You know that great pet photography on your Facebook timeline can get homeless or shelter pets home faster, and you have great photos from volunteers and professionals. Now, MAKE SURE they fit the space!
I always feel a little sad when I see this:
It reminds me that these animals are not in control of their own destiny; they rely on you to get the word out about them and to show them at their best. And the pictures above are, surprisingly, really common: faces, tails, captions cropped out.
Think of your Facebook timeline as a shopfront, with little windows to the world, and remember that you have something that most businesses on Facebook would KILL for: a legitimate reason to post pictures of cute dogs and cats! So, make sure you can see their faces.
Facebook has two different sizes for timeline photos: a regular post, and a highlight. The dimensions are:
403 px x 403 px for a regular post;
843px wide x 403px high for a highlight picture.
Crop them that way so you’re putting an appropriate frame on your pictures.
And to make them really stand out, and unify your page, you can also put a small, pinstripe border around them, to keep them from getting lost in the white space. Like so (from the inspirational page of The Lost Dogs’ Home:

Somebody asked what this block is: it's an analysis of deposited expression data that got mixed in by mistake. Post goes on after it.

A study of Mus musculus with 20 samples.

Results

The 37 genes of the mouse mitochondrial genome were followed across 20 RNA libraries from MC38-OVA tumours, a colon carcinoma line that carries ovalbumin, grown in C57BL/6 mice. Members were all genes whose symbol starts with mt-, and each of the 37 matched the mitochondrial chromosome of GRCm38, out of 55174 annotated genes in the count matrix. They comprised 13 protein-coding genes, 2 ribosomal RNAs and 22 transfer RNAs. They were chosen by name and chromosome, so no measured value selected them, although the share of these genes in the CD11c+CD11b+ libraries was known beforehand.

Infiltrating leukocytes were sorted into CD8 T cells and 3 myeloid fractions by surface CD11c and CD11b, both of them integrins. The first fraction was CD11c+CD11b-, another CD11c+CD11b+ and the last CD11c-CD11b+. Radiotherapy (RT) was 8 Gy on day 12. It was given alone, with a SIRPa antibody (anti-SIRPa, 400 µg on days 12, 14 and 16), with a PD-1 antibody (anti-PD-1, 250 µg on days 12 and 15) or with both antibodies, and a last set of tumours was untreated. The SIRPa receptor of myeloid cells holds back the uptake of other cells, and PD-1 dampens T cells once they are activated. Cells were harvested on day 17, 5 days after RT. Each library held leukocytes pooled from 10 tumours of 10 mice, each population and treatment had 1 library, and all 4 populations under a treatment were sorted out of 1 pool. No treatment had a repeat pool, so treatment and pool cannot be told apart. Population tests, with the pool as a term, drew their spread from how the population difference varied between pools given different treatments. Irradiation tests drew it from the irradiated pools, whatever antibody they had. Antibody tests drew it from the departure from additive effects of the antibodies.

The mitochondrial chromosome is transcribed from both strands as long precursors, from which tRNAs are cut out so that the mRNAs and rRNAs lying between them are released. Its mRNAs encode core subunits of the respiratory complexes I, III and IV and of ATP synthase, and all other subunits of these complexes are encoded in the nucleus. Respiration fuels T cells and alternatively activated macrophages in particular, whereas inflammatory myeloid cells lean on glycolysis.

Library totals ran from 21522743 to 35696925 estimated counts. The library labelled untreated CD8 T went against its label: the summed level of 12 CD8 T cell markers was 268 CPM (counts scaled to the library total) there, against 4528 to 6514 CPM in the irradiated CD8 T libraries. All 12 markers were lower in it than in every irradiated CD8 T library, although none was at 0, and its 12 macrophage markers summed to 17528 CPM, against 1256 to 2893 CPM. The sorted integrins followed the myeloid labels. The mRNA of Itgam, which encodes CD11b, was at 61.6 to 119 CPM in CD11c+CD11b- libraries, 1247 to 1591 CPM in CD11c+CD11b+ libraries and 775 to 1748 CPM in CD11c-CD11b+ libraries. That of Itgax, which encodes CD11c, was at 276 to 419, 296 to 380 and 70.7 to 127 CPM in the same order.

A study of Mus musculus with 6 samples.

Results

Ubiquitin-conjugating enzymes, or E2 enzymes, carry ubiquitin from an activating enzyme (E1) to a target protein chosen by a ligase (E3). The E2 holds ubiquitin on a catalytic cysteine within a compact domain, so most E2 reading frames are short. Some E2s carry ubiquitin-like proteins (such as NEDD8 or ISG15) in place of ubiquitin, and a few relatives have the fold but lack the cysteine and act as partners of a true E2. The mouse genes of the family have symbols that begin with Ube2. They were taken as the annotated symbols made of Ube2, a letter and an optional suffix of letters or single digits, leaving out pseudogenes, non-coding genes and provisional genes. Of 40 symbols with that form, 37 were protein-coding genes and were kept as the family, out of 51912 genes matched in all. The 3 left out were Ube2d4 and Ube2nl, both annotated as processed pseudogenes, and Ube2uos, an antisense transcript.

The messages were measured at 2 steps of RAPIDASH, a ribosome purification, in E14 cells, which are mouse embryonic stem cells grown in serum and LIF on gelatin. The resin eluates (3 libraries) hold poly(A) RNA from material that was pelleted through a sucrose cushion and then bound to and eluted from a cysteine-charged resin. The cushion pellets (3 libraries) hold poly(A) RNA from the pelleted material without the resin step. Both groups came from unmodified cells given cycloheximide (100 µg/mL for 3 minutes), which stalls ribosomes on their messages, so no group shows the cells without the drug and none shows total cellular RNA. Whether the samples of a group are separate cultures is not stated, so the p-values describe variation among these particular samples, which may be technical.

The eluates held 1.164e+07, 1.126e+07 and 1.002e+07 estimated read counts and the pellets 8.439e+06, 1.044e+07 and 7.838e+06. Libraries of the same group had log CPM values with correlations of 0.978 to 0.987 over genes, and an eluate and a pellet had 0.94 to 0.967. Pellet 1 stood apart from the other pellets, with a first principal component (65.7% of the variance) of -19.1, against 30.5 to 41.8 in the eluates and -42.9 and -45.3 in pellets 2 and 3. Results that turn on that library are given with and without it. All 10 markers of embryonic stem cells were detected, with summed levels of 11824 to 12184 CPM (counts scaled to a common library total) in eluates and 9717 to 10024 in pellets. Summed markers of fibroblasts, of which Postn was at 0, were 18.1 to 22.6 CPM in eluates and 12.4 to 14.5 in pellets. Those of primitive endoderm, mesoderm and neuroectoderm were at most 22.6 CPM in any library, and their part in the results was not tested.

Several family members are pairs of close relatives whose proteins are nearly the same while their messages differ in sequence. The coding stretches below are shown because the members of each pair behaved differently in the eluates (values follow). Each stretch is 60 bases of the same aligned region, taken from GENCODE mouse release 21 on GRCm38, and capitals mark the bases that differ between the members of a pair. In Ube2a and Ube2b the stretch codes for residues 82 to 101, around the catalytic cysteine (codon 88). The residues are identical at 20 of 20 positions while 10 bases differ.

Great highlight pictures of pets are also surprisingly rare on Facebook timelines, but you can find excellent use of this feature at Tischman Pets Photography’s Facebook page, like so:
This is a simply beautiful picture, a strong horizontal that makes full use of the highlight format — again, sized for the space at 843px wide x 403px high.
Seeing a picture like this makes me think EVERYONE must be using “highlight”, but it’s not true. It’s actually rare, and so it’s easy to stand out.
Not only are you making them look better on your timeline, but you’re making sure they look great on everybody else’s timeline and newsfeed. And that’s more “shareable”.
Don’t forget that, for maximum sharing and interaction, almost every post to Facebook should be a picture that occupies the entire space. If you’re linking to a blog article, just include the link after the picture has been included in the post, so it doesn’t include the (much smaller) thumbnail that comes with that link.